Even though lawns are still dormant, now is the time to plan a strategy to have a beautiful, healthy lawn this summer. By doing a few simple things now, you will get a jump start on problematic early growing season problems.
Look for dry areas. Places where the snow melts first are prime areas for mites to cause damage during the winter. Watering these areas on warm winter days can help replenish the water the mites are draining from the blades of grass, while also knocking down the adult mite populations. If these dry areas are getting ‘crunchy’ to walk on, it’s a sure sign of mite damage. (Dormant grass should still be soft.) Mountain High does offer winter mite sprays to cut down on damage.
Should mites do heavy damage recovery will be slow. Often these areas will stay brown considerably longer than the rest of the yard, and the worst cases may have to be repaired with seed or sod in April or May.
Some areas of the lawn may thin out during the winter. Several common causes of lawn thinning include insect, rabbit, and disease problems. Heavy traffic, poor soil fertility and too much shade are also common factors to a thinning yard. Poor maintenance such as improper mowing and watering can contribute to this as well. An area in decline can really suffer and could even totally die out during the winter months.
To help struggling areas of the lawn, keep traffic off as much as possible. Often areas of heavy shade get more sun during the winter and early spring because there are no leaves on the trees. If this is the case, try to keep those areas open, moist, and sun exposed.
Winter weeds can be a problem. While many weeds dies out in the late fall after producing seeds for the following year, some weeds don’t die. Early spring applications of weed killer can bring them under control before they cause heavier weed infestations. This is why Mountain high lawn technicians start in late February or early March.
One of the more common lawn diseases over the winter is snow mold. Snow mold is either grey or pink in color, and causes splotches of matted down grass. There is no need to treat this with a fungicide. Instead, fluff up the grass with a rake to allow air flow. Lightly fluffing the grass in the middle of winter in these areas will prevent long lasting damage later.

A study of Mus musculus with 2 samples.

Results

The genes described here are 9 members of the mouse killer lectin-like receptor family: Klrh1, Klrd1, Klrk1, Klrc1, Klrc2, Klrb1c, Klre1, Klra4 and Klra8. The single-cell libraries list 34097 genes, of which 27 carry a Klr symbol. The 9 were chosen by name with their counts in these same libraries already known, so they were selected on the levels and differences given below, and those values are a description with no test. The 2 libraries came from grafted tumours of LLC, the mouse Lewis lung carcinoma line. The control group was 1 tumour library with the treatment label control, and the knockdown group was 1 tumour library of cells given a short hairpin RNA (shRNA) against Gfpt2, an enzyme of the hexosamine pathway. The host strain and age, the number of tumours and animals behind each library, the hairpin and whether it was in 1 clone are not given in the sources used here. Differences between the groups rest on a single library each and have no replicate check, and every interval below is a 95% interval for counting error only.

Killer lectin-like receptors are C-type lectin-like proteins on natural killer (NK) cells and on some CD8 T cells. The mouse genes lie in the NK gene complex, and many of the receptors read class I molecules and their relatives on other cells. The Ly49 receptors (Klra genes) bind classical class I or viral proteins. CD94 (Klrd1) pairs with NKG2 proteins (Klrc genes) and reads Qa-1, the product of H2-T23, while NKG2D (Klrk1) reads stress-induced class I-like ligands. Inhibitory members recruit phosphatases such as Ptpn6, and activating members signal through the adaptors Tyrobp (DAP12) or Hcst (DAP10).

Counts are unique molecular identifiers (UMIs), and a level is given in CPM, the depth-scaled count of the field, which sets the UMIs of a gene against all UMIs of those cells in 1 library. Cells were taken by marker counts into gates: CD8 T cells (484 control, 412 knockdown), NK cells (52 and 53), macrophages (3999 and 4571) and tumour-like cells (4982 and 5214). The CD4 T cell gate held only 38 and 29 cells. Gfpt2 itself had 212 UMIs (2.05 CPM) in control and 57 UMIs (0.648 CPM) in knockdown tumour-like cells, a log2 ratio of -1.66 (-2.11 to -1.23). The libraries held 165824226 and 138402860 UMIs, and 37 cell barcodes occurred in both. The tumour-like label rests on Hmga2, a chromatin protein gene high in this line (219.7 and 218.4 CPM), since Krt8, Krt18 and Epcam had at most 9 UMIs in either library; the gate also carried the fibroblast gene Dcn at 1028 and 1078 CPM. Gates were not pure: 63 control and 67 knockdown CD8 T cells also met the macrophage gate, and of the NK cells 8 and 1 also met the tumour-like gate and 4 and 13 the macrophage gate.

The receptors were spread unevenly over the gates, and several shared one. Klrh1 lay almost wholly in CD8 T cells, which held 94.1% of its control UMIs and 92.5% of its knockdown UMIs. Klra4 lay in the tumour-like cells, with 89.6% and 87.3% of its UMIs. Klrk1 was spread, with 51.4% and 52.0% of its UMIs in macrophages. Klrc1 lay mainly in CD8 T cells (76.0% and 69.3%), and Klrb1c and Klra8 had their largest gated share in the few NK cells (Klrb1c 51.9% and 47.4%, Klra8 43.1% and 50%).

Most damaging lawn insects are not active now, but they may have damaged your lawn last summer or fall. These bugs are primarily a problem May through early October, and if areas of your lawn were damaged insects are often the problem. Getting a mid-spring application of insect control (late April – early May) can drastically cut down on re-infestations. Mountain High offers professional lawn insect control.
Lawn areas that have been damaged by wear and tear from dogs, children or foot traffic can be helped with extra care. Picking up dog waste quickly can prevent dead spots in the lawn. If a dog urinates in the same place all the time, fencing off the area so the dog has to move to a different location will cut down on heavy concentrations of urine. Hand aeration of areas of heavy dog activity will allow some of the damaging aspects of the dog waste to go deeper in the soil and will eliminate root level burning. Hand aeration will also help with heavy traffic from pets and kids. Having kids change the walking path by just a few feet can also prevent compacted soil paths, which are very difficult to get to recover.
One of the leading causes of decline in turf quality is shade. As trees and shrubs grow larger they tend to create more shade in larger areas. This change in the environment often leads to grass thinning. In many cases tree or shrub thinning will allow enough sunlight through to allow the grass to stay lush. If not, landscaping with shade-tolerant plants may provide the best long-term solution.
Finally, this is not a good time to fill in sunken or dog dug lawn areas. The grass is not actively growing and could be smothered. Wait until May through September to fill lawn areas. However, keep in mind that grass will only grow reliably through a thin layer of fill. If you need to fill deeper, you should plan on replacing the turf in those areas. One other thing to keep in mind: trees and shrubs can be injured or killed by excessive fill deeper than two inches covering large areas of their root systems.